If the event sponsor doesn't specify a 'host hotel', or if attendees do not stay there, then the event sponsor has no responsibility (which was my understanding of the Hot Rod Power Tour)... Just because they charge an arm and a leg to participate doesn't mean they carry any *responsibility*?? Isn't that what their registration papers state?
This is just my opinion of *most* event sponsors these days... NOT what I think the situation should be! They want you to sign waivers for any/every thing disclaiming any responsibility for *anything* (other than collecting the larger and larger fees!)...
'55, '56, '57 Nomads North Alabama area Gary
This unfortunate event raises the potential for some juicy fake news headlines, such as:"GM Cars Easiest to Steal?""Only GM Cars Worth Stealing""Want Your Hot Rod To Be Theft Proof? Get a Ford or Mopar".
As has been previously stated, if they want it bad enough they will get it. All we can do is limit the exposure and carry good insurance. The insurance thing I have covered, but there is no way I am going to keep my car at home for fear of theft. When I'm at an overnight event, I park where I can see my car from my 1st floor room. I have a fuel shut-off valve hidden under the hood. I crank the wheel all the way in one direction then install one of those cheesy steering wheel clubs. Can it still be stolen? Absolutely. Will it break my heart? Sure. But I have so many fond memories made traveling with my 1962 Corvette that I wouldn't have if I left it sit at home.
I built my 56 to drive. It's been on the road since September and has about 8,000 miles on it. My wife and I have been taking trips in it, not just to car shows. When we check in to a hotel/motel, I try to park it where I can see it, and as close to our room as I can get it. I have a club I put on it, and set other security stuff.........and pray. I agree with Mike.....I'm not going to sacrifice enjoying my car because of the possibility of theft, but I'd sure be pissed if it was stolen. Rust free tri-fives are getting harder and harder to find.
Sometimes the simplest things work to make stealing a car harder, or even impossible.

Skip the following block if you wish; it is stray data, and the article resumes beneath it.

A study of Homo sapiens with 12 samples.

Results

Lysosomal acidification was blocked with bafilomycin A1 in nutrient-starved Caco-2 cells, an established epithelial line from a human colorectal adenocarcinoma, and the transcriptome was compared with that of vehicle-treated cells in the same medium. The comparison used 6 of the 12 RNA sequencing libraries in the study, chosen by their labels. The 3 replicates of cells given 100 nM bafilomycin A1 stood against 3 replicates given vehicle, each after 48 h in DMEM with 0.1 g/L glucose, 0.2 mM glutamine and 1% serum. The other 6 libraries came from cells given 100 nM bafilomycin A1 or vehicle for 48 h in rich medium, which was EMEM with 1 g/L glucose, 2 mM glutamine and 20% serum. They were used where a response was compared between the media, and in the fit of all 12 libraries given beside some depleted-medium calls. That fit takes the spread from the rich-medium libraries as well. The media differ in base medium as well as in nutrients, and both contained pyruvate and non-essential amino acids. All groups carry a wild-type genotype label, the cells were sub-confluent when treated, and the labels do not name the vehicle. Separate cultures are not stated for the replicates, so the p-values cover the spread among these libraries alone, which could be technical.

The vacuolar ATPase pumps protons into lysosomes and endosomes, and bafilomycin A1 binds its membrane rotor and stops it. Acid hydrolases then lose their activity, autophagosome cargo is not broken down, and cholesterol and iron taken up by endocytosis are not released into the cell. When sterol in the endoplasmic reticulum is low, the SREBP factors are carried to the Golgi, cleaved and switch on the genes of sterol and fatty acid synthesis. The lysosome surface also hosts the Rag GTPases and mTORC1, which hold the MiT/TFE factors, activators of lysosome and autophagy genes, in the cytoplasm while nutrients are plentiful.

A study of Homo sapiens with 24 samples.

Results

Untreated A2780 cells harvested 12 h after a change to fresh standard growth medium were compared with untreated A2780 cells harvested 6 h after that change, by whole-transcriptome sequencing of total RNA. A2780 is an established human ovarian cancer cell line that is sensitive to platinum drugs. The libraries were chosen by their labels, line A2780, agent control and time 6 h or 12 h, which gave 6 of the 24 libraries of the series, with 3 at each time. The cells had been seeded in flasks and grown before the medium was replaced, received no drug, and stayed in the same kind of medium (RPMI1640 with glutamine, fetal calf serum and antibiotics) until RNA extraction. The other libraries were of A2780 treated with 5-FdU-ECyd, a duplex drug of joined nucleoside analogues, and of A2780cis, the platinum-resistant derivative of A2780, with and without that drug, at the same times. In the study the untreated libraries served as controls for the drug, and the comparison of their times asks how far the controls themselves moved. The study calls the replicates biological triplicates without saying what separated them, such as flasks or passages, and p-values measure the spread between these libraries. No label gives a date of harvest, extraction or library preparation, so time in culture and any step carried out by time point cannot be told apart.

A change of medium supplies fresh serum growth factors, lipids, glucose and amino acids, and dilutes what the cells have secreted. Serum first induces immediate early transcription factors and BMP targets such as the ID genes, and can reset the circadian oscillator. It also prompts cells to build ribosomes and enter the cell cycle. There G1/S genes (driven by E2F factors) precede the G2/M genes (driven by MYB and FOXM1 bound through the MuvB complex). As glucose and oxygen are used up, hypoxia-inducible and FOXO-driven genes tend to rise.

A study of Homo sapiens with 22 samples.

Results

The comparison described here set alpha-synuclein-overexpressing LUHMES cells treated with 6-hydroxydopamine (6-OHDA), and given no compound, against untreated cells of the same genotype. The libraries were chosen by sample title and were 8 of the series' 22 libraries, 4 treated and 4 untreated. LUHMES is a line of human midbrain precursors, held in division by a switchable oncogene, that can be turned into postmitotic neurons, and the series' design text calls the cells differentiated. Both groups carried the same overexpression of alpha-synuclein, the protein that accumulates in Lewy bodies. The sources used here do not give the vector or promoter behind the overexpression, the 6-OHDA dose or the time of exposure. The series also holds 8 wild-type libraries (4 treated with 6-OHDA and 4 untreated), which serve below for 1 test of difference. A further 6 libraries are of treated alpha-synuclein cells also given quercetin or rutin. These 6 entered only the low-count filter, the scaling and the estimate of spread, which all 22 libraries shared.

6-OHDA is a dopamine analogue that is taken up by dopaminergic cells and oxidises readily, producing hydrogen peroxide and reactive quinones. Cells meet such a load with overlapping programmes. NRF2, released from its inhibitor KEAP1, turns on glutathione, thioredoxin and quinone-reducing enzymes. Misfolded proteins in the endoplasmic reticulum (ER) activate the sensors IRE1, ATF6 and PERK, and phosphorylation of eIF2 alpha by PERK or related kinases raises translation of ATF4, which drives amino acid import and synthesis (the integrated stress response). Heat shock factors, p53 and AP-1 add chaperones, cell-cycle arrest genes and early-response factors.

A thief wants to get in and out and breaking a window takes time and makes noise they don't want. They just want to hook up and go right now. If you can, park head in as close as possible to a curb or a tree and then turn the wheel hard to the side opposite to the curb/tree with a The Club attached. Makes it almost impossible to drag it out backwards. If they take time trying to get it started then removing the coil wire when you park it will slow them down considerably and use up time they don't want to waste.
Then there's THIS, a way to use an old Android phone placed in your car as a detector that will send an alert to your current phone when an attempt to move your car is made.
Of course, there are GPS trackers that allow you to track where your car is, or is going. But you want to stop the theft, not track it after it happens and the car's a hundred miles away.
When in danger, when in doubt.
Run in circles, scream and shout.
The Charlotte hotel power tour car theft has been going on for years. A friend of mine has a friend that had his truck and car trailer with his 55 stolen about 8 years ago. Another friend of mine that parked his 57 Ford in a hotel lot (high end hotel chain) had it stolen. I went to a Marriott years ago and parked overnight for the NSRA show in York Pa and although it was parked under the overhang out front...it was a nerve racking night with no sleep as my Python alarm kept going off with people coming by and looking in.
And you thought jewelry was bling!
I had a near theft one year at the 4x4 nationals in Indianapolis. Went to bed on Saturday night around mid night, with my 1990 GMC show truck out front and locked up. Come out at 5 am and find the door of my show truck wide open and a hell of a mess inside the truck. They evidently slim jimmed the door open and since it was a stick they may not have known how to drive it. So instead the rummaged through every piece of paper in the glove box and items in the center console and left them all over the inside of the truck. probably looking for guns, money or drugs, none of which I keep in the vehicles. Truck bed was also locked with a hard tonneau cover so they couldn't get anything in the bed either.
I was quite PO'ed, but thankfully it was still there and just a mess to clean up.